Dear members, friends and colleagues,
In the current (January 2013) edition of the International Musician, the official journal of the American Federation of Musicians of the United States and Canada, President Ray Hair has written an important column about residuals, royalties and intellectual property rights for musicians. All AFM members should take a look.
President Hair has shared several websites that are the “front office” online for residual and royalty funds for musicians: the Film Musicians Secondary Markets Fund, fmsmf.org, the Sound Recording Special Payments Fund, sound-recording.org, and the AFM & SAGAFTRA fund, raroyalties.org/ along with Sound Exchange, at soundexchange.com/.
In the discussion of residuals in the motion picture and television film industries, a little information might be helpful. Musicians and others who work in these industries rely on residuals in order to make a decent living, but even for many “on the inside” the structure of the system can be confusing and technical. Let’s see if we can shed a little light of day on the subject.
Residuals for film and tv for musicians are mirrored for actors, directors, writers, and members of all of the other craft trades. Residuals are paid by film companies on behalf of all of the members of our sister unions – although this delayed compensation is paid differently for each group.
For directors, writers and actors, residuals vary between direct payments to individuals, and payments to health and retirement funds. The residuals are enforced and processed “in-house” by the unions themselves. For us, musicians, payments are sent to the Film Musicians Secondary Markets Fund, which distributes those payments directly to musicians. The FMSMF is an autonomous stand-alone Fund.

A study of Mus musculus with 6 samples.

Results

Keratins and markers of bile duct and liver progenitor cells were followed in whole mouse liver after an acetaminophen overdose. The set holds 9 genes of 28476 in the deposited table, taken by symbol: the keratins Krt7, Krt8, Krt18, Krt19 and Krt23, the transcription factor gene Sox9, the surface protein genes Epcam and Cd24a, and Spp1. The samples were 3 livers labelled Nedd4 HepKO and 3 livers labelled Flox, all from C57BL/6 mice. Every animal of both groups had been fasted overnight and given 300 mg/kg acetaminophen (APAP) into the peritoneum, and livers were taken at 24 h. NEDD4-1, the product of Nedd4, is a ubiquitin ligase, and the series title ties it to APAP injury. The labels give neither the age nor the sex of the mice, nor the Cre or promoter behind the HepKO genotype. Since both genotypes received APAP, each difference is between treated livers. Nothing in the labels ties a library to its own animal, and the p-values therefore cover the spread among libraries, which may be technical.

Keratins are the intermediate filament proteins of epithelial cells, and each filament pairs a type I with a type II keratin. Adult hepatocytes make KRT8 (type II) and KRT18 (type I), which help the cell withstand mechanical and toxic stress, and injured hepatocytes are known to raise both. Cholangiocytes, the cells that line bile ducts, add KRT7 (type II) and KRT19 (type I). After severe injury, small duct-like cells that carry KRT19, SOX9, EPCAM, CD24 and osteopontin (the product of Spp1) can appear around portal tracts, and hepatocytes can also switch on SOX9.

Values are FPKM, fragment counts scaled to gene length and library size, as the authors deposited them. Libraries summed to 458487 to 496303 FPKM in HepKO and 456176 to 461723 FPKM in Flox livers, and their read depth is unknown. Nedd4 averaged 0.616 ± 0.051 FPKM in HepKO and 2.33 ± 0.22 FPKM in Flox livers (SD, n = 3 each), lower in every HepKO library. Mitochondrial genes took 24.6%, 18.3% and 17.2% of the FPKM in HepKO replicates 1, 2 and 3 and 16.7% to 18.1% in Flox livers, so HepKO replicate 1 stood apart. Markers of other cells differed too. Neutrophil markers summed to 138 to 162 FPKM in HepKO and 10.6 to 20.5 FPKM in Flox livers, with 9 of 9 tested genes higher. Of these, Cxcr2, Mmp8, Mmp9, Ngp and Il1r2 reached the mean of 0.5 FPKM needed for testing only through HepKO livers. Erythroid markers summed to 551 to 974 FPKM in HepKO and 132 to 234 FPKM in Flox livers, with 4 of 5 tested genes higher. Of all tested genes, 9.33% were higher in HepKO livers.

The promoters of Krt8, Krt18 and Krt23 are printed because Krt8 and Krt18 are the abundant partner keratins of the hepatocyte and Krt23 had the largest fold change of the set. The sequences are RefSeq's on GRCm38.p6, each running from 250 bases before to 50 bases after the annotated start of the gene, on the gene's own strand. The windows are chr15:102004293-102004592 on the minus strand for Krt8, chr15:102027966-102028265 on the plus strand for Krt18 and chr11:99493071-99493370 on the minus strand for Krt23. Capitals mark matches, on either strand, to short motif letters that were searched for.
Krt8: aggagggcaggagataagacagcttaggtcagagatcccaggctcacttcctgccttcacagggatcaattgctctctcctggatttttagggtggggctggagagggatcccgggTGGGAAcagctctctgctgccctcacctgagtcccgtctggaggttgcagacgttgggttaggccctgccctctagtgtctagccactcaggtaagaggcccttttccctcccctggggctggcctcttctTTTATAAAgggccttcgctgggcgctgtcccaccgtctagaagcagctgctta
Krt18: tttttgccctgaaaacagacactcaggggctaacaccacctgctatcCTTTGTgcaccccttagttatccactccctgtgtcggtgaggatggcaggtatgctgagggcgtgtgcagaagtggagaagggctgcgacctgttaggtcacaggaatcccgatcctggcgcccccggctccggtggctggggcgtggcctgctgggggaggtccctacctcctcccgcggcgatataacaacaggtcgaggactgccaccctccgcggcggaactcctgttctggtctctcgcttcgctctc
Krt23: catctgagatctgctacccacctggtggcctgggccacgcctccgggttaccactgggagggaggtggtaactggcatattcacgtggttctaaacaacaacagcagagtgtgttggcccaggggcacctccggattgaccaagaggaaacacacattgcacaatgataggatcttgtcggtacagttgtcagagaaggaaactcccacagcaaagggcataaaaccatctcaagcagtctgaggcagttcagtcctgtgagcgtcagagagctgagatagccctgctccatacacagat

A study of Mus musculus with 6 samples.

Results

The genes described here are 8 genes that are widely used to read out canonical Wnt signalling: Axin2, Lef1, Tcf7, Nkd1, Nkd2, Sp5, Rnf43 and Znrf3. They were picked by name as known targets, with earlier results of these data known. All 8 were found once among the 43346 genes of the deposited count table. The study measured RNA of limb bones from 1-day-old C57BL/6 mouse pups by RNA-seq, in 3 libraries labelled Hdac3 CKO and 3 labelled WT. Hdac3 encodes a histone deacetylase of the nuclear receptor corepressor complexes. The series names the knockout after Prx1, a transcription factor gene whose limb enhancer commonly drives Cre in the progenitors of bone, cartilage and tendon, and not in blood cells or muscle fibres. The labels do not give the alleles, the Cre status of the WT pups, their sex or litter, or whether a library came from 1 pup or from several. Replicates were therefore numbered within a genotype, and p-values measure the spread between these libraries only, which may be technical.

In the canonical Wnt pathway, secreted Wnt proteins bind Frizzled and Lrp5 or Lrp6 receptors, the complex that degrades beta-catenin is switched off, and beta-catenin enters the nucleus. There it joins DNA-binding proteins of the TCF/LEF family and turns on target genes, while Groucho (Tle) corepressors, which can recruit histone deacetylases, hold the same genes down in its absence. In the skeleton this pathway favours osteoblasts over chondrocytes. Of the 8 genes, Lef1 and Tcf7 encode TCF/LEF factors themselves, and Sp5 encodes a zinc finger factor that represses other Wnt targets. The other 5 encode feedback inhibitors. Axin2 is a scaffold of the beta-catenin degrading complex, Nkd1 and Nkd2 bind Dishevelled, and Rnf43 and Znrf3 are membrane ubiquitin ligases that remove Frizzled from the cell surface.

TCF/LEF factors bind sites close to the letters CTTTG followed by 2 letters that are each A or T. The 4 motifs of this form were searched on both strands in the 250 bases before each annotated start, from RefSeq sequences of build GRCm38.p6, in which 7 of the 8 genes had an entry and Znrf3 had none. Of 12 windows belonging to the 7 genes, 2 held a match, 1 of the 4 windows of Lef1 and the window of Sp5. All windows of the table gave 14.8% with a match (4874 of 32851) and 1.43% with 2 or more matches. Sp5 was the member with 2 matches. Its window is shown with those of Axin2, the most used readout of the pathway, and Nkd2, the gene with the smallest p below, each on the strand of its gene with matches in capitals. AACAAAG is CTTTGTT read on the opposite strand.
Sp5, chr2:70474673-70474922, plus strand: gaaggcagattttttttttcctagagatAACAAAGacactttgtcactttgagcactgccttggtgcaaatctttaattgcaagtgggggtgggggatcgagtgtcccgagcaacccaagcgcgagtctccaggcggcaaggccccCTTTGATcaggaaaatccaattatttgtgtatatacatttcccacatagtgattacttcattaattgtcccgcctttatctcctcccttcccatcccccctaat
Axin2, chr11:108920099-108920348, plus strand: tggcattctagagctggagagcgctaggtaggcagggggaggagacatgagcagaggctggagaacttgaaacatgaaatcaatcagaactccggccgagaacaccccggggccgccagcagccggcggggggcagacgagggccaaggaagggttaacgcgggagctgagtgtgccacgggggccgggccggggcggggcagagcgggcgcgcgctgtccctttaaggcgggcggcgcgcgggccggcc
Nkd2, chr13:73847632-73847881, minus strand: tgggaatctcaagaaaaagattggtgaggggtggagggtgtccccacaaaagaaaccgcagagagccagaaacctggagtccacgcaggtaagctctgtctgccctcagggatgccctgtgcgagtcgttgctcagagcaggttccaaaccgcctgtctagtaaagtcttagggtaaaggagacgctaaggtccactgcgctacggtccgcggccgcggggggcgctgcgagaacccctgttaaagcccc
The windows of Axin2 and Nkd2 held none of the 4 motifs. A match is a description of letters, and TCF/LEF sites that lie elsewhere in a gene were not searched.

For I.A.T.S.E members, including engineers, electricians, cinematographers, grips and many others, the residuals are not distributed to individual members, but rather contributed directly to their health and retirement system. While this process may be invisible to many I.A.T.S.E. members, the percentage paid on their behalf is actually much higher than for any other group.
To make things even more confusing, all of the residuals for all of the unions and guilds are based on a formula that looks at 20% of the distributor’s gross receipts. So, if the residual base is – as the AFM’s is for DVD’s – 1%, what that really means is 1% of 20% of the money rolling in to the distributor. In other words, musicians are collectively owed just .2% of the gross receipts.
The biggest share goes to I.A.T.S.E., the next largest to SAG-AFTRA, then WGA and DGA, and musicians get the smallest residual amount to share (even though there are generally many more musicians who divide that residual amount than actors, writers or directors).
Residual obligation on the part of the distributor for each Union
for the Home Video Market (DVD’s, etc.)
(as a percentage of 20% of distributor’s gross receipts)
All of the talented people who are employed in these industries depend upon a combination of up-front wages and delayed profit participation in the form of residuals in order to make a living. Residuals, as has often been pointed out, are only due after the project has raked in profits – if the film or tv show make no secondary markets money, musicians, like members of all the other unions, get nothing.
We all owe a great debt of gratitude to generations of musicians, as well as writers, actors and others, who fought repeated battles to ensure fair compensation and fair residuals. In the early part of the last century, the AFM was one of the most powerful unions in North America, and acted to ensure residual and royalty payments in multiple industries. In 1960, the Screen Actors Guild (SAG), whose President at the time was Ronald Reagan, went out on strike – successfully – to ensure residual payments when movies were monetized in other media. As recently as 2007, the Writers Guild (WGA) sacrificed deeply to strike for residual payments for New Media. We have all benefited from their activism and leadership. Recording musicians do indeed stand on the shoulders of giants, and we should not forget to honor those who came before us for our ability to make a living, enjoy health care and pensions, purchase instruments, raise families, and strive for success.